The Crimson Ghost or The Fiend Skull. Call him what you will, the fiendish ghoul has been the face of The Misfits for decades. With the “original” Misfits reunion looming, the time is right to revisit the legacy of this iconic mascot.
The Crimson Ghost first found life in the 1940’s. Starring in a serialized film, the masked villain went to murderous lengths in his attempts to steal an invention dubbed Cyclotrode X.
Capable of deflecting atomic rays, the machine would be invaluable in preventing an atomic attack during the precarious years following World War 2. Yet, in the hands of a criminal, the defensive weapon had endless potential to wreak havoc.
The Crimson Ghost could have easily faded into a forgotten relic of the past. Fortunately, The Misfits resurrected his ghoulish image. His first appearance as Misfits mascot was in 1979 on a flyer promoting a gig at Max’s Kansas City.
The marriage of The Misfits and The Crimson Ghost was perfect. To only use the image on a disposable gig flyer would have been ludicrous. A few months after the show, the Horror Business 7” was released with the Crimson Ghost on the cover.
The next record explored a new concept for the cover but the Crimson Ghost was found lurking inside the sleeve. This time he appeared on an insert advertising the address for the Fiend Club. Fans could write in, receive correspondence from the band, and buy exclusive merchandise.
The Crimson Ghost appeared frequently in mailings for the Fiend Club. As such, many fans referred to The Misfits mascot as the Fiend Skull.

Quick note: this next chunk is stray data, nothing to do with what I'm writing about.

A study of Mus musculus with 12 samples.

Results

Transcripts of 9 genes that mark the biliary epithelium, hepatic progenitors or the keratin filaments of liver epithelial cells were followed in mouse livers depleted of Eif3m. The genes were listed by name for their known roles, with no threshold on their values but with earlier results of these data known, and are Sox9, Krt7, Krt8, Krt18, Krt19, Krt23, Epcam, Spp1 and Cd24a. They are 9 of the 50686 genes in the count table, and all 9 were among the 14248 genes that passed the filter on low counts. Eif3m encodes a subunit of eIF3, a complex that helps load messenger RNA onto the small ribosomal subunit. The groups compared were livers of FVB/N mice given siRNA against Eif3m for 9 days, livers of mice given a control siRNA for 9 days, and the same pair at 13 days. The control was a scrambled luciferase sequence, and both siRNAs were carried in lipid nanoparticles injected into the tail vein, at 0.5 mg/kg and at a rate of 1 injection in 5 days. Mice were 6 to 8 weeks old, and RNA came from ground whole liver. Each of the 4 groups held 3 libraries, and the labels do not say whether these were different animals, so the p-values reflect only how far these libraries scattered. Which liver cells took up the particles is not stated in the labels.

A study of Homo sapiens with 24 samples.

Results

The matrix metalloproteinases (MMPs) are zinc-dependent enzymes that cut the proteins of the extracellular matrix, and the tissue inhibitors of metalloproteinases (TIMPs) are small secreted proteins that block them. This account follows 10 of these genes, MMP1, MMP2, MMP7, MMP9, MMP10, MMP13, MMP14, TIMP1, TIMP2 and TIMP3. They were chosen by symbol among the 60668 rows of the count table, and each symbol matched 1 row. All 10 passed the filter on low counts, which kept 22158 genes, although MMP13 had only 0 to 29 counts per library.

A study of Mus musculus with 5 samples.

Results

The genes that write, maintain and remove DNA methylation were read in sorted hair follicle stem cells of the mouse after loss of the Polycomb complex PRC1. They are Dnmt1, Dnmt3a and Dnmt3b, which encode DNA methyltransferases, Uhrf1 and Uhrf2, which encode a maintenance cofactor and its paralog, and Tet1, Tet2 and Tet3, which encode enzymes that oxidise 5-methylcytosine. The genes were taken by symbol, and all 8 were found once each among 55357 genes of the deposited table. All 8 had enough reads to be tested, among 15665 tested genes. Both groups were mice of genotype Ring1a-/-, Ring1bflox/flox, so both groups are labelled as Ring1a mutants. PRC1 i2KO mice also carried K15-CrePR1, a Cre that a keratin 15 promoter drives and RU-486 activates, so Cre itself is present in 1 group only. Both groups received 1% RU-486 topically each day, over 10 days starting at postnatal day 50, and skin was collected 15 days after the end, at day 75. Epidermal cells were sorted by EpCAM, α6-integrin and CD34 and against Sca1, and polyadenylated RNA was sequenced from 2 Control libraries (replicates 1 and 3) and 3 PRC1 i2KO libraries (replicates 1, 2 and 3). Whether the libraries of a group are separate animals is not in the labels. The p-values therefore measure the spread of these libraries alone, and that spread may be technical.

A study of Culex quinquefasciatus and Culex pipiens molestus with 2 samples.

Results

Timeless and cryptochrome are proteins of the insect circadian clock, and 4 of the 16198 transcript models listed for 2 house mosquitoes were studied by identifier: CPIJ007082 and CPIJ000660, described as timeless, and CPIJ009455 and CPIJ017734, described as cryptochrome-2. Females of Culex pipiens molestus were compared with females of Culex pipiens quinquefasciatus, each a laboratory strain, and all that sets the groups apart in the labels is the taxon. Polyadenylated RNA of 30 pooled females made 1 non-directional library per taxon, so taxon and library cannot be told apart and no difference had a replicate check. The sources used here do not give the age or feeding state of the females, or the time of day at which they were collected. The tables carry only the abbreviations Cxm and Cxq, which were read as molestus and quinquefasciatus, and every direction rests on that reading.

Of course the Crimson Ghost continued to appear on records. He had never been the sole source of art. Releases like Bullet and Night of the Living the Dead all featured intriguing artwork independent of the Misfits mascot. Still, even when a group photograph sufficed for the Beware 7”, The Crimson Ghost could be found haunting the back cover.
The Misfits always had fun with art. Multiple covers exist for Evilive. The Fiend Skull lurks on each version.
After the band broke-up, an extended 12 inch release of Evilive was released. The Crimson Ghost floats above live shots of Glenn, Jerry and Doyle.
Other posthumous releases continued to use the classic Fiend Skull. Legacy of Brutality and two self-titled compilations proudly kept the Crimson Ghost alive and well.
After lying dormant for over a decade, Jerry Only and Doyle resurrected The Misfits without Danzig. The Crimson Ghost naturally appeared on the American Psycho album cover. This time his legacy was taken a step further with a new song devoted to the timeless ghoul.
With Glenn Danzig back in the band, legions of fiends are buzzing with excitement. Few details are available but one aspect is certain. The Crimson Ghost will surely be front and center as a unifying link between past, present, and hopefully, future.